To add to the wealth of free online historical records from Ireland I've recently come across the Downs Survey (Thanks to Trinity College) and Petty Census of 1659.

    Both were initiated after the Cromwellian conquest of Ireland.

    The Down Survey of Ireland

    Taken in the years 1656-1658, the Down Survey of Ireland is the first ever detailed land survey on a national scale anywhere in the world. The survey sought to measure all the land to be forfeited by the Catholic Irish in order to facilitate its redistribution to Merchant Adventurers and English soldiers. Copies of these maps have survived in dozens of libraries and archives throughout Ireland and Britain, as well as in the National Library of France. This Project has brought together for the first time in over 300 years all the surviving maps, digitised them and made them available as a public online resource.
    http://downsurvey.tcd.ie/

    The maps are fascinating....you can explore who owned land in 1641 and 1670 for each townland in Ireland. However, unfortunately, like the fate of other census records, the fire in the Four Courts during the Civil War destroyed the detailed parish maps and these are only now available for Cork, Dublin, East Meath (Meath), King's County (Offaly), Leitrim, Limerick, Longford, Queen's County (Laois), Kilkenny, Tipperary, Waterford, Westmeath, Wexford and Wicklow. The landowner records and barony maps seem to have survived for all counties.


    Then Irish Manuscripts has made Pettys census available online.

    Pender's Census, or Petty's Census, was undertaken by the English economist William Petty between December 1654 and 1659. This 'census' was completed on behalf of the Commonwealth government probably as part of the Down Survey.[1]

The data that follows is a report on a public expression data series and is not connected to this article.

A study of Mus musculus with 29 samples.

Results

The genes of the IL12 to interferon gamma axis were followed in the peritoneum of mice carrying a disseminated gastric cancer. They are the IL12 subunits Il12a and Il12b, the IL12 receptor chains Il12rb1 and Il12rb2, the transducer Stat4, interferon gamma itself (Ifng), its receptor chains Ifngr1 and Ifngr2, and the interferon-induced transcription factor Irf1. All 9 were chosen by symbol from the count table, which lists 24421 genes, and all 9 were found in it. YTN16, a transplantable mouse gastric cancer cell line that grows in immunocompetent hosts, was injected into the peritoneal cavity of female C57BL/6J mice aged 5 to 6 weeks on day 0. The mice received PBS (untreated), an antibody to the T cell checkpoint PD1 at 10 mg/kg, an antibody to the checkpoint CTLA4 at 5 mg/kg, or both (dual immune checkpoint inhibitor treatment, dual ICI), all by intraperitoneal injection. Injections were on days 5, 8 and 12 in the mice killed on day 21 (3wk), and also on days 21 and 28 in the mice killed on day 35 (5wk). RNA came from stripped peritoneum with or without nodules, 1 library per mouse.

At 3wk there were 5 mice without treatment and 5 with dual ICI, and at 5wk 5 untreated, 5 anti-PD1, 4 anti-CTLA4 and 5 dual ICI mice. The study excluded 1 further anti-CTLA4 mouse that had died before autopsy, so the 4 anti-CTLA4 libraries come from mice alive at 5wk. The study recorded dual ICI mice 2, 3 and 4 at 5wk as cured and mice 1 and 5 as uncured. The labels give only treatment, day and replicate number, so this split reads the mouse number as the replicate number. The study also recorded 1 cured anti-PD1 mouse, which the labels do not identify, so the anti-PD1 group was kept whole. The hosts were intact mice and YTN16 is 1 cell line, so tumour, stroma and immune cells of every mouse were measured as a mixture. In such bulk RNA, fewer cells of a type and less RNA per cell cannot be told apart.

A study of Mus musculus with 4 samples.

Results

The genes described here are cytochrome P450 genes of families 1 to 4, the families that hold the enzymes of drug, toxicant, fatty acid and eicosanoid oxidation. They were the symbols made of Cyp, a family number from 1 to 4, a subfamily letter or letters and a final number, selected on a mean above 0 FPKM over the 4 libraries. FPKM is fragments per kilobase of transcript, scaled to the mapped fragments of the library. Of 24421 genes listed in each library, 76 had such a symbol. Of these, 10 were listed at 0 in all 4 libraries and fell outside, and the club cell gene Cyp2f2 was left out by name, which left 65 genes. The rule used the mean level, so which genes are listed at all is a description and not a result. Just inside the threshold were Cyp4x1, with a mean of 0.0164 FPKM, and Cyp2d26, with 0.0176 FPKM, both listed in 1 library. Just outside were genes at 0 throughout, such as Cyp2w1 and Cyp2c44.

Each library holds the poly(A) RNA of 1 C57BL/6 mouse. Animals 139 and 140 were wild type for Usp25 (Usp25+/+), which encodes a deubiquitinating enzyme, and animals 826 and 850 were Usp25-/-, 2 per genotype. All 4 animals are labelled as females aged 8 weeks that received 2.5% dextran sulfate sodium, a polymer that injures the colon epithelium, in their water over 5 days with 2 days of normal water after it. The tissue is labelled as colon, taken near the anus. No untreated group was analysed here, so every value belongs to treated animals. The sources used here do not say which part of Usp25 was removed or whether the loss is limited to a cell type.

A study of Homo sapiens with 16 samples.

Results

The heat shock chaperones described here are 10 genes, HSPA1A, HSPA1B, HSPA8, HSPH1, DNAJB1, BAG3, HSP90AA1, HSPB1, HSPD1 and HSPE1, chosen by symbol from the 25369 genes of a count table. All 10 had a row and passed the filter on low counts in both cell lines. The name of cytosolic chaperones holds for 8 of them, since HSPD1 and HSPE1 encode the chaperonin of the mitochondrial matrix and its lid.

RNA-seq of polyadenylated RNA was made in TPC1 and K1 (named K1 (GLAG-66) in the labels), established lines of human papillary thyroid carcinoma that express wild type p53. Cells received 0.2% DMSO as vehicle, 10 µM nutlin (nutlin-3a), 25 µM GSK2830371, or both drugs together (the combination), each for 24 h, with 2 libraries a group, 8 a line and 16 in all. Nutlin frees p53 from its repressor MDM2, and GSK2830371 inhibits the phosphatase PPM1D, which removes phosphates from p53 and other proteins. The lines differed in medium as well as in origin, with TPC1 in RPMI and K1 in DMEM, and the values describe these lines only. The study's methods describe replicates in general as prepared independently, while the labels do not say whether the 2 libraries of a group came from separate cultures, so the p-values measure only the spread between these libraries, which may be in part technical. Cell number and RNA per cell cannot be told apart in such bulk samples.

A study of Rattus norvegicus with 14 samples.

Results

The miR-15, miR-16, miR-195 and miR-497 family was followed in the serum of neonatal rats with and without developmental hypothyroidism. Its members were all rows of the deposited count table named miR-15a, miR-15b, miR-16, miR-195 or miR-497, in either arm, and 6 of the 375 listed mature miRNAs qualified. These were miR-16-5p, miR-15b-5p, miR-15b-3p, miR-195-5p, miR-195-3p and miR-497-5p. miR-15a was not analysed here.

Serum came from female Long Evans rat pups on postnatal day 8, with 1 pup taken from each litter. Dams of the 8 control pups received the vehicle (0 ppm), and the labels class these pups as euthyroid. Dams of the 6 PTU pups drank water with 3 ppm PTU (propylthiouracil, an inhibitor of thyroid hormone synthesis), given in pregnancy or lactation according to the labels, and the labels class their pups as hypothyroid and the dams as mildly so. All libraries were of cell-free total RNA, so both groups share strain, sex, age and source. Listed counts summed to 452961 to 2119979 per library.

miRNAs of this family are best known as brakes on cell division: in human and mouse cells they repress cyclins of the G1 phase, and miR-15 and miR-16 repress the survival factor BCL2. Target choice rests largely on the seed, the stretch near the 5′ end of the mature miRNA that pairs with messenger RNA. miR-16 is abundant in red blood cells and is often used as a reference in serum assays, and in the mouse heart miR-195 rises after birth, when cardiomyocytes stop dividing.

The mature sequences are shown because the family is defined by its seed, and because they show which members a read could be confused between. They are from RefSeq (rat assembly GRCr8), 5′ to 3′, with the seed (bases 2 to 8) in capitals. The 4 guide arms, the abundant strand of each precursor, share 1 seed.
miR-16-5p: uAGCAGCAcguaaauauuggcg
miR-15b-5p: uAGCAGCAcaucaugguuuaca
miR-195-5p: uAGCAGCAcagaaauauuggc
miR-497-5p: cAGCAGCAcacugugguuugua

The census provides returns of the inhabitants of most of the country, arranged in counties, baronies, parishes and townlands. The counties of Cavan, Galway, Wicklow, Mayo, Tyrone and most of Meath are not included.[2] The number of English, Irish and Scotch in each townland was also noted.[3] These designations of nationality are vague; 'Irish' may refer to those who speak the language and English may refer to only the newest settlers. The 'Scotch' are found widespread in Ulster, with the exception of Co. Monaghan and Co. Antrim. This census gives no Scotch settlers in the provinces of Munster and Connacht , where the Irish outnumber the English by a ten to one ratio.[4]

    In addition to this, the 'census' also recorded the names of those with titles to land and are referred to as 'Tituladoes'. A Titulado may have been a land-owner, but did not necessarily own land.[5] The census also recorded the principal Irish surnames in each barony.[5]
    https://en.wikipedia.org/wiki/Pender...eland#See_also

    The manuscript can be found here http://www.irishmanuscripts.ie/digit...ml5/index.html
    Last edited by Fraxinus; 25-10-2017 at 10:06 PM.